Posted September 28, 2012 by

Judge Strikes Down Social Media Restrictions Imposed by Many Employers

Wade Davis of Leonard, Street & DeinardBy Wade Davis

On Tuesday, just weeks after the National Labor Relations Board issued its first decision on an employer’s social media policy in Costco Wholesale Corp., an administrative law judge joined in the Board’s efforts to scrutinize employment policies under Section 7 of the National Labor Relations Act, the section that protects employees’ rights to engage in concerted activities. In EchoStar Technologies, 27-CA-066726 (Sept. 25, 2012), the judge invalidated and addressed several social media and employment policies that are commonly used by employers, including:

  • Non-Disparagement and Non-Defamation Policy. The prohibition from making “disparaging or defamatory comments about Echostar, its employees, officers, directors, vendors, [and] customers” was deemed overbroad because it chilled employees from commenting on the terms or conditions of their employment.
  • Communications with Media Policy. The policy restricting employees from communicating with the media through print, TV or the Internet without prior authorization was found to violate the NLRA because it chilled employees’ right to seek support to improve their working conditions from others outside their workplace.
  • Confidentiality of Internal Investigations Policy. The requirement that employees “maintain confidentiality” of their participation in internal investigations was found to violate the NLRA because it did not apply a case-by-case analysis to balance the employer’s need for confidentiality against its employees’ Section 7 rights.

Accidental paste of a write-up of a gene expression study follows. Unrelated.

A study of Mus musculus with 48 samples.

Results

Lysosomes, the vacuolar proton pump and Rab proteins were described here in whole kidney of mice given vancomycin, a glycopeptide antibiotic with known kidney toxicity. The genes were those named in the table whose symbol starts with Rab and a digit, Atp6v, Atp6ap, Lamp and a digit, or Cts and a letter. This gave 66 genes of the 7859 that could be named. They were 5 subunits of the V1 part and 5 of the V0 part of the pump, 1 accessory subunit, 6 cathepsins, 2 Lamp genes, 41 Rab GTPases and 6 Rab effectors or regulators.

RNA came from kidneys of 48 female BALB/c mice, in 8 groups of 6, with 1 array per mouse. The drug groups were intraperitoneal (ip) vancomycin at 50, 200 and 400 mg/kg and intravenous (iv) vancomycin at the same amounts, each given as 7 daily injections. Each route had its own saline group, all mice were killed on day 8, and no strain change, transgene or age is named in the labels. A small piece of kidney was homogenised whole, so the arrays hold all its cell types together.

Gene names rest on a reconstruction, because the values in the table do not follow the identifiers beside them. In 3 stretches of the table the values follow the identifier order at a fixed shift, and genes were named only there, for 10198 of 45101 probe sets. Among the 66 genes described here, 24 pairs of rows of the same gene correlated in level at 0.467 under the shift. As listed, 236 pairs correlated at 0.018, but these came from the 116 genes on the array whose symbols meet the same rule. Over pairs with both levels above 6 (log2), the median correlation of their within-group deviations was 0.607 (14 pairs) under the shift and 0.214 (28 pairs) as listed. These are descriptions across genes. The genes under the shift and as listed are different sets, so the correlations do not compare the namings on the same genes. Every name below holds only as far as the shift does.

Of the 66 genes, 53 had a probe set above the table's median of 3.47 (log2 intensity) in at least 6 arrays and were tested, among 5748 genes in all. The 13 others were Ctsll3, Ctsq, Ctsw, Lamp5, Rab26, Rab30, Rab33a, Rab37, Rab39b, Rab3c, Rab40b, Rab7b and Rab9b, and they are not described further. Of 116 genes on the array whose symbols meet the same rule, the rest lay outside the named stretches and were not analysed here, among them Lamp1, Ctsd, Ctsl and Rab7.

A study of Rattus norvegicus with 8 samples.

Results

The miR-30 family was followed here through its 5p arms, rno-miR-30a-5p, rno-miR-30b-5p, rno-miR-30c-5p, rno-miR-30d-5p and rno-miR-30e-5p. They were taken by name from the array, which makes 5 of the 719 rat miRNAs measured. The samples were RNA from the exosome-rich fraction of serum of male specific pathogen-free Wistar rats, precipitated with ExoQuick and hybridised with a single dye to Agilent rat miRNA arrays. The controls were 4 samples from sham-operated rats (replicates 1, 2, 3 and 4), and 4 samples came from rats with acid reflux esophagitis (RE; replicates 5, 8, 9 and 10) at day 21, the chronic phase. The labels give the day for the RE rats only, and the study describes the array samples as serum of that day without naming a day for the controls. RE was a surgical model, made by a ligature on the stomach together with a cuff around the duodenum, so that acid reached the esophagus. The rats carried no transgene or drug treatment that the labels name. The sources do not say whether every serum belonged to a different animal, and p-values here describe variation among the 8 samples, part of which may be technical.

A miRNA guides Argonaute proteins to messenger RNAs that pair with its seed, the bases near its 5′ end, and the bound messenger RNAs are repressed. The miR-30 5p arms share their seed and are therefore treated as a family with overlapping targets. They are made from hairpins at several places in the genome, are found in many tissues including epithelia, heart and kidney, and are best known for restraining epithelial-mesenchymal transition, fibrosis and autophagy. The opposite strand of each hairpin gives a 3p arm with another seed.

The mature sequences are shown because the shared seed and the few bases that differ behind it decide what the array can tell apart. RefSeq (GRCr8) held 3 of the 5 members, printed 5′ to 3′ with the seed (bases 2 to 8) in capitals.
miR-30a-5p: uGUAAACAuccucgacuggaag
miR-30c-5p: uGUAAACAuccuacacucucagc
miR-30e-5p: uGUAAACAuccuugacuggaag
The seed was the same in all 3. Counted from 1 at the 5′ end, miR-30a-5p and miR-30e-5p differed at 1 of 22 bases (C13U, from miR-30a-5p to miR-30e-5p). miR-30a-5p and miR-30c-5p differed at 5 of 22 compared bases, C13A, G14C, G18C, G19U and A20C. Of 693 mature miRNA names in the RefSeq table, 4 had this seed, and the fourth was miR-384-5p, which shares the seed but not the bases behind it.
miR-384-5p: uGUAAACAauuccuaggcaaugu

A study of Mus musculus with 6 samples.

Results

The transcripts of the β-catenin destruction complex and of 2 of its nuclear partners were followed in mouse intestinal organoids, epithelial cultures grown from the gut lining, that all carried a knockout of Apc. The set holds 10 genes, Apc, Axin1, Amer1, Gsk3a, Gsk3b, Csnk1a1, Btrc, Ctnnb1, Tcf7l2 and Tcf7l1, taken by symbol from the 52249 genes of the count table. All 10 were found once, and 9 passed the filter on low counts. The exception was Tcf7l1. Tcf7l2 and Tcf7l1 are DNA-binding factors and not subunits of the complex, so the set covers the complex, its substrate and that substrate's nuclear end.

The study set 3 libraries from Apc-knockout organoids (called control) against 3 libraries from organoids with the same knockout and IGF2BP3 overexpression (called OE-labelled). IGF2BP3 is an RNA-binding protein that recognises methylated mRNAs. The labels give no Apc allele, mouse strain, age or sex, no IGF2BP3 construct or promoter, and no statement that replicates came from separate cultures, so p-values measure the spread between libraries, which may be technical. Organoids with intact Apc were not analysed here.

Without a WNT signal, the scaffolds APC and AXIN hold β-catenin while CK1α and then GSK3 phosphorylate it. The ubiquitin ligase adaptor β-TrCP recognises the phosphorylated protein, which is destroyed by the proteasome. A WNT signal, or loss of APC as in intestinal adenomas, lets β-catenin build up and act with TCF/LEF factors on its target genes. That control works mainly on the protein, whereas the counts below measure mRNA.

• Insubordination Policy. The definition of insubordination as “[t]he refusal to follow a reasonable work directive or undermining the Company, management or employees” was deemed to violate the NLRA because it could be interpreted to prohibit employees from challenging their working conditions.
  • Confidentiality Policy. EchoStar held that the company’s confidentiality provisions complied with the NLRA because they were designed to protect confidentiality of the employer’s proprietary business information and to not prohibit discussion of employee wages. In Costco, however, the Board held the confidentiality provision prohibiting disclosure of “payroll information” violated the NLRA.

Insufficient Savings Clauses. EchoStar argued that its policies were narrowed by statements in its handbook instructing employees to “contact the Human Resource Department” if they had any questions and to “[u]se your good judgment.” The judge rejected these arguments, finding that the statements were insufficient to notify employees that the policies did not apply to Section 7 protected activities. In Costco, the NLRB suggested that specific clauses carving out Section 7 rights combined with more tailored policies might be sufficient to make otherwise noncompliant policies compliant with the NLRA. (See our Alert from Sept. 21 for more information about Costco.)

EchoStar is particularly troublesome because it struck down many policies that are commonly used by unionized and non-unionized employers alike. Given the NLRB’s recent efforts, it would be wise for employers to take time to carefully review their policies and rules to ensure that prohibitions on employee conduct, especially online and social media activity, are tailored to comply with the NLRB’s recent directives and decisions.

Wade Davis is a shareholder in Leonard, Street and Deinard’s Mankato, Minnesota office where his practice focuses on litigating and resolving business and employment disputes, and advising employers in employment-related matters. Wade is a member of the firm’s Labor and Employment Group and is a MSBA Certified Labor and Employment Law Specialist. He regularly defends employers against claims of sexual harassment, and age, gender, race, disability and religious discrimination.